When my husband and I went on our first visit to Rocky Mountain National Park in mid September, it was the beginning of the elk mating season, called the "rut". This brief time of the year is when the male elk winners in the reproductive game are separated from the losers . The elk rut is more exciting to see than other members of the deer family. Bull elk go all out to show their worth to the cow elks. His antler size shows his age and strength, and the volume and pitch of his bugle determines how far it can be heard. These attributes are used to attract the elk cows. He collects a harem of cows and defends them from other bulls. It is an exciting spectacle to see, and we were hoping we'd see at least one bull elk during our visit to the park, and hear him bugle.
We read that the elk are most active in the evening through the night, so we entered the park in the early evening the first day we arrived, and drove to one of the popular elk viewing areas.
Moraine Park is a valley formed by the Thompson glacier, and is a popular grazing area for the elk.
(This photo, and all photos in this post, including the photo collages, can be enlarged for easier viewing by clicking on them)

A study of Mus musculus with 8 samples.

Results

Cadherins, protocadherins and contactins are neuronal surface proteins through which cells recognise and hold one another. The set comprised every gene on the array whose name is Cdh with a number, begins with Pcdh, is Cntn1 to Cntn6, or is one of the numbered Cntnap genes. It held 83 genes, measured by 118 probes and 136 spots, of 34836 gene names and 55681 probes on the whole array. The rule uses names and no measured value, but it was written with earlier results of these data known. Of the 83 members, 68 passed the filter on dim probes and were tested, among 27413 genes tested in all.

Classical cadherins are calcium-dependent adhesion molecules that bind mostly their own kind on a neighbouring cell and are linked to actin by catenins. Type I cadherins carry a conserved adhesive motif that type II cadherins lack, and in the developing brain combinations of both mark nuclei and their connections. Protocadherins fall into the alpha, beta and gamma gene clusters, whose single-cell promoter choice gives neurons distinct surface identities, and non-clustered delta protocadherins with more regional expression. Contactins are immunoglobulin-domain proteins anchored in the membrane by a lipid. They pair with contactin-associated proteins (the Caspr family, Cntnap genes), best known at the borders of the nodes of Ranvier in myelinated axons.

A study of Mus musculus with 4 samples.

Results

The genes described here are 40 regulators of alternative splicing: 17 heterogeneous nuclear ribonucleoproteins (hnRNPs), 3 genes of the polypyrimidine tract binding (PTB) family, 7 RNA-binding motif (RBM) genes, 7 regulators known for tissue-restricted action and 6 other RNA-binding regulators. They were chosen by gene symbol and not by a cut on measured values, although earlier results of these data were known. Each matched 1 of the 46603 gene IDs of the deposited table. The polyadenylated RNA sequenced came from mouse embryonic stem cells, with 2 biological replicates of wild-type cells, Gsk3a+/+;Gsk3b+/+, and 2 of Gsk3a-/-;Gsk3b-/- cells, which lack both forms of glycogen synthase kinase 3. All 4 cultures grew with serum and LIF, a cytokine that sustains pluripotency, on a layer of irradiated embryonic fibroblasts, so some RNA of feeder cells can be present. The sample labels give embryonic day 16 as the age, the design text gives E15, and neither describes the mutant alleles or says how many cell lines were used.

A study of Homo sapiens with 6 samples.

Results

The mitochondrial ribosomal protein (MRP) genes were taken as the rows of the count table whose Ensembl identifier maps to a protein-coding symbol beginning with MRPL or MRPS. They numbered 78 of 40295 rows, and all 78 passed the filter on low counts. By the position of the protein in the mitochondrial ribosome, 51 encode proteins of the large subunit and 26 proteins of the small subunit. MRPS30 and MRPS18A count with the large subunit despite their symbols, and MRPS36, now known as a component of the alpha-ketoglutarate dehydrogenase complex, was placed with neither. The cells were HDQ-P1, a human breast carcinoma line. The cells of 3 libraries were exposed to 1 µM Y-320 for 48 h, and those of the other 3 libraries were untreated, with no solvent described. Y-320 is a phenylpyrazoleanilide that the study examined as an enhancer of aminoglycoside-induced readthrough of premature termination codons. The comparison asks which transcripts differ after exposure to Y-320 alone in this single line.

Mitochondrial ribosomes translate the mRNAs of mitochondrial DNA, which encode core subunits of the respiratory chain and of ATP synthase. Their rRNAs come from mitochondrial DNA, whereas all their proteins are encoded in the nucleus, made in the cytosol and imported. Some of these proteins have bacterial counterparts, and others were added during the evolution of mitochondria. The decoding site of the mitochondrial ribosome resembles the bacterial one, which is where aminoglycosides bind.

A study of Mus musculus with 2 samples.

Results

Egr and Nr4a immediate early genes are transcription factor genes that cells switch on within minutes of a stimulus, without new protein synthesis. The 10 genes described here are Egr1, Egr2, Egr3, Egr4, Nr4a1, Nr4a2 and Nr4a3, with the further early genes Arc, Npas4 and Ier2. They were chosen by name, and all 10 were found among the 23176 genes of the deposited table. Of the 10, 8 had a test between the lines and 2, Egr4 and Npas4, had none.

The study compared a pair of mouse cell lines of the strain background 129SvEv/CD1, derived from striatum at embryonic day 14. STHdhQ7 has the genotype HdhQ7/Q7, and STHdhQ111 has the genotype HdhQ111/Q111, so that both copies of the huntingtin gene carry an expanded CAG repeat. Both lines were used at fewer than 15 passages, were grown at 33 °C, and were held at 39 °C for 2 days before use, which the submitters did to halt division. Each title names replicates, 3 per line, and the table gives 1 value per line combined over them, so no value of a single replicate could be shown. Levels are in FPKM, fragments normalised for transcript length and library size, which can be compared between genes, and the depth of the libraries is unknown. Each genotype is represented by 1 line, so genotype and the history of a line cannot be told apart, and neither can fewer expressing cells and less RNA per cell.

As we drove along one road in the valley we were stopped by a parade of female cows that were descending from a mountain side..
One by one they came down in a long line, as we watched and took photos.
Finally, the Bull elk appeared. He looked right at us but seemed unperturbed. I was happy I was safely seated in my car! A Bull elk's antlers can weigh up to 40 pounds, and this one looked massive.
Another look at his magnificent antler rack!
We then drove off to another popular elk viewing area in the park...
....Horseshoe Park, again a valley formed by a giant glacier long ago.
Here we saw this big boy, sitting leisurely in the meadow, chewing his cud.
I am using a power zoom lens to get these photos as we were standing a safe distance away from him.
All of a sudden the bull elk stood up and started to move quickly towards his harem of cows.
In the photo collage above you can see the cow harem in the upper left, another, younger bull elk approaching in the bottom left, and the big bull charging in the upper right.
The older bull elk chased the younger bull away, as you can see in the series of photos above. (Click on to enlarge) Afterwards he let out a very loud bugle. He made sure his harem knew he was the boss. It was an exciting spectacle to witness!
We were very happy to have witnessed this act of nature in this spectacular setting! Rocky Mountain National Park is truly a national treasure.
Our elk adventures were not over for the day, however, as we met this enormous bull elk in the middle of a street median in Estes Park ...if you missed that post, go here.
Wishing everyone in the USA a very Happy Veteran's Day!